By Heather Clower
The Parsons Advocate
The Honorable Judge James Courrier presided over Tucker County Circuit Court with three criminal cases on the docket. With the impact of COVID-19, court cases have been severely delayed to adhere to the guidelines set forth by West Virginia Governor Jim Justice. With restrictions being lifted, hearings are being conducted and trials are able to be rescheduled.
First to appear was Emily Heckler, currently in custody on a first degree murder charge. Based on new information the defense is receiving from their experts, there is a chance they will be seeking an insanity defense approach. In the event of an insanity plea, the defendant admits to the action, however possesses a lack of responsibility based on a mental illness. Prosecuting Attorney Ray LaMora is taking that information to the prosecuting experts with the consideration of hiring new experts. Heckler’s pretrial date has been set for September 9 at 10:30 a.m. with a three day trial September 28 through 30. This trial will take place in Keyser at The Mineral County Courthouse.
Lukas Thompson entered the courtroom to plead guilty to one count of uttering, the act of knowingly passing on or using a forged document. This hearing was not serving as an indictment; however, he appeared to make a plea. Thompson cashed a check at Jim’s All Star that he was not permitted to do. He admitted to Judge Courrier and the court that he succumbed to drug issues and was in need of help. Thompson was put on probation, is required to pay restitution, and will be taking advantage of drug court in Randolph County where he has the same charges.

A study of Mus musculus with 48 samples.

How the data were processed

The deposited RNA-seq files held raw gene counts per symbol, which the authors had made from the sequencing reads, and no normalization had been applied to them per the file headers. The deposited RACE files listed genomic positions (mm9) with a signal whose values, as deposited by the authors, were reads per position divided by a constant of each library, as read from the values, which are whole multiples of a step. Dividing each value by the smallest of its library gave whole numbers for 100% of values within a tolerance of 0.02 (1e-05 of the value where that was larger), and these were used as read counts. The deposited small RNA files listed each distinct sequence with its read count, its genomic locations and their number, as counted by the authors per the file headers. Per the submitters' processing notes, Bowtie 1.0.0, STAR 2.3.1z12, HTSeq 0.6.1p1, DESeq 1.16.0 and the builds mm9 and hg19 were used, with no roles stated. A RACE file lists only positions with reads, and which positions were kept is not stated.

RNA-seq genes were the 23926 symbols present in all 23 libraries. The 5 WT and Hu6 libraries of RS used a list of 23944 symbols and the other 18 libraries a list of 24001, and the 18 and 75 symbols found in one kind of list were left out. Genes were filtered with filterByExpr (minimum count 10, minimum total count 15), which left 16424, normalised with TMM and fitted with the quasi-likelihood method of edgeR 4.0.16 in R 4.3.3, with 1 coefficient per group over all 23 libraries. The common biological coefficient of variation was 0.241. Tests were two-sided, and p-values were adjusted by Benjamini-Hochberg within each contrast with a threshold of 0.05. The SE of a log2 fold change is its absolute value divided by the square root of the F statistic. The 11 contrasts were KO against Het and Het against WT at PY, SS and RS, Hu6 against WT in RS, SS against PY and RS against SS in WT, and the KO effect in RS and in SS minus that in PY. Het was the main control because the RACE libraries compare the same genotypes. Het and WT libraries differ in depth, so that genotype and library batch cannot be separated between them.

The final criminal case on the docket was that of Justin Campbell, charged with one count of forgery and one count of uttering. A plea agreement has been offered to Campbell, who requested more time to review the offer. Judge Courrier scheduled Campbell to return on August 7 for a plea hearing.
The Honorable Judge Lynn Nelson is scheduled to preside over Tucker County Circuit Court on Monday, June 15.